NewsHealthHealth Policy / March 16, 2017

Proposed Health Law Worries Mental Health And Addiction Treatment Advocates

Jake Harper
Article origination WFYI-FM
Proposed Health Law Worries Mental Health And Addiction Treatment Advocates

House Speaker Paul Ryan of Wis., center, standing with Energy and Commerce Committee Chairman Greg Walden, R-Ore., right, and House Majority Whip Kevin McCarthy, R-Calif., left, speaks during a news conference on the American Health Care Act on Capitol Hill in Washington, Tuesday, March 7, 2017.

AP Photo/Susan Walsh

The GOP's proposed health law, the American Health Care Act, has some mental health and addiction treatment advocates worried.

The Affordable Care Act, also known as Obamacare, forced Medicaid plans to cover mental health and addiction treatment just like other physical health conditions. The health law also gave states the option to expand Medicaid to cover people who make up to 138 percent of the federal poverty level. Thirty-one states have since expanded to cover millions of poor people, including Indiana, which has extended coverage to about 260,000 Hoosiers through the Healthy Indiana Plan, or HIP 2.0.  

But Doug Walter, director for government relations at the American Psychological Association, says those improvements would be rolled back under the GOP’s new proposal, harming many people who need mental health  and addiction treatment.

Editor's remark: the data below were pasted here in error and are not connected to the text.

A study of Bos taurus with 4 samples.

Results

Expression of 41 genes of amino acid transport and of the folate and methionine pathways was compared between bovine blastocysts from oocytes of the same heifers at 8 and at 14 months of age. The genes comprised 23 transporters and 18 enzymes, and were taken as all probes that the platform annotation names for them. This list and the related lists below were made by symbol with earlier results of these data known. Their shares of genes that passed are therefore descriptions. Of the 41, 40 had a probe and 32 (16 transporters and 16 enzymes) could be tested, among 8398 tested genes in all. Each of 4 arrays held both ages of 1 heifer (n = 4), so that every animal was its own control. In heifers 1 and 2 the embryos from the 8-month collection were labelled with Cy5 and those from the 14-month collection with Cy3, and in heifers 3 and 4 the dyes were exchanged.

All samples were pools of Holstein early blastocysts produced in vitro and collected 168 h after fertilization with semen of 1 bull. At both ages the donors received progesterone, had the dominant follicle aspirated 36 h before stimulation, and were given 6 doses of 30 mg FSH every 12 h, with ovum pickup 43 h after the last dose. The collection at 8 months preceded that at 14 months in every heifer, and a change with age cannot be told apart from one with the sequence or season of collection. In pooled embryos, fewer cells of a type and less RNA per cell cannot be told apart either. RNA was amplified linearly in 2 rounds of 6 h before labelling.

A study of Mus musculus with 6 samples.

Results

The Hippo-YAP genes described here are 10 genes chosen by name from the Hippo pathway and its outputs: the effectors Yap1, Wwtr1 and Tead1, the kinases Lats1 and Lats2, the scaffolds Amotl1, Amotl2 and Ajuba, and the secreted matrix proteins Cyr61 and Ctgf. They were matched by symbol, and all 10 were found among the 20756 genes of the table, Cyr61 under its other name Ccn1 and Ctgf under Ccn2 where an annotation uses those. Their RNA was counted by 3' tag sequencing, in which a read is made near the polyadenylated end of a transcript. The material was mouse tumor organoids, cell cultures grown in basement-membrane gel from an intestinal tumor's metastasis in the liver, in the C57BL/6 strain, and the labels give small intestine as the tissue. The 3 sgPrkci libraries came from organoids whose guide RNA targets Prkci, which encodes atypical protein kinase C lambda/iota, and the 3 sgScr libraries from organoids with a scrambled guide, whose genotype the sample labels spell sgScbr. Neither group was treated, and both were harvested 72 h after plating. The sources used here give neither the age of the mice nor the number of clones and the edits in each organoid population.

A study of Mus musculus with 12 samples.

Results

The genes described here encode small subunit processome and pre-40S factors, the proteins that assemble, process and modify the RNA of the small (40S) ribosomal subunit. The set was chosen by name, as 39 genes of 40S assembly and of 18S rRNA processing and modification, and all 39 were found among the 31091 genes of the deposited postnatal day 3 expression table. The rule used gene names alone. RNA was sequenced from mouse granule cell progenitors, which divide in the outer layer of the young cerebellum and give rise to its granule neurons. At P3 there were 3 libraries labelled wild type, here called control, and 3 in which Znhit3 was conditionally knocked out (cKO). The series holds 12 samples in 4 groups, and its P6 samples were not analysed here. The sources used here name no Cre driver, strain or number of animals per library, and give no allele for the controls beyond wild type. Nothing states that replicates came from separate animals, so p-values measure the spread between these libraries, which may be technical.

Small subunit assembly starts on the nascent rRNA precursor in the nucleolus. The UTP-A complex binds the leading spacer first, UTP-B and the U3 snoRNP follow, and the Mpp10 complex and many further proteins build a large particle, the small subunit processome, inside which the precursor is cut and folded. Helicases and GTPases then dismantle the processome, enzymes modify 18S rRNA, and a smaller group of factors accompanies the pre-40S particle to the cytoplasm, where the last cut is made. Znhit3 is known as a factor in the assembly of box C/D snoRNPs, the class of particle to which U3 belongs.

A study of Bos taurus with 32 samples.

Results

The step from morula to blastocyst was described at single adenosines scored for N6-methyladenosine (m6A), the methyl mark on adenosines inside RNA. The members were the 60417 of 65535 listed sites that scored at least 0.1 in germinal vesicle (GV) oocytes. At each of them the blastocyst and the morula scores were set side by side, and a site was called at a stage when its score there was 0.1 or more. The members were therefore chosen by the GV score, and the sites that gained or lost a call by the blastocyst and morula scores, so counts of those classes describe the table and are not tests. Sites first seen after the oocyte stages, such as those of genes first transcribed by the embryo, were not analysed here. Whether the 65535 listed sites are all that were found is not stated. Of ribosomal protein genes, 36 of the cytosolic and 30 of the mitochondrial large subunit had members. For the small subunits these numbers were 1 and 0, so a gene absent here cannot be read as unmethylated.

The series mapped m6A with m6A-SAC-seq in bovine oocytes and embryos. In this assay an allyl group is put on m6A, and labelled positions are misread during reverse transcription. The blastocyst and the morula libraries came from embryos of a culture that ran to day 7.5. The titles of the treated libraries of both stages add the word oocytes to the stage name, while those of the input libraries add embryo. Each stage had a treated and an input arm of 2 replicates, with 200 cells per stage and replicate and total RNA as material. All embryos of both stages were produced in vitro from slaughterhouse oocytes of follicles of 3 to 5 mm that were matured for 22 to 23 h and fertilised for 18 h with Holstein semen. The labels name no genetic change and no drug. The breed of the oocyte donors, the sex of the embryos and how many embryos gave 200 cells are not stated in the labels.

“People who are poorer are more likely to suffer from mental illness,” he says. “These are patients at high risk of domestic violence, substance abuse, untreated psychiatric conditions…it goes on and on and on.”

A recent report from the Congressional Budget Office says 14 million people could lose their coverage by 2018 — 24 million people by 2026. Fourteen million of those people would come from the Medicaid population. 

And the law would not require Medicaid to cover mental health and substance use treatment. Changes under the AHCA would mean that the federal government pays a smaller portion of Medicaid costs. So Walter says states would likely opt out of providing mental health and addiction treatment. “Do states have the ability to pay for those services? I would say that many do not,” he says.

Dr. R. Jeffrey Goldsmith, president of the American Society of Addiction Medicine, penned a letter to members of Congress, urging them to reconsider the parts of the AHCA that would “reduce coverage for and access to addiction treatment services, changes that will be particularly painful in the midst of the ongoing opioid epidemic.”

Dr. Maria Oquendo, president of the American Psychiatric Association, said in a statement that the organization was also concerned about changes under the GOP’s proposed law, echoing others’ concerns about its impact on Medicaid. “Nearly one-third of people receiving coverage through Medicaid expansion have mental health or substance use disorders,” she says.

The bill is currently facing criticism from both sides of the aisle, and it’s still unclear how the bill might change before it lands on the President’s desk.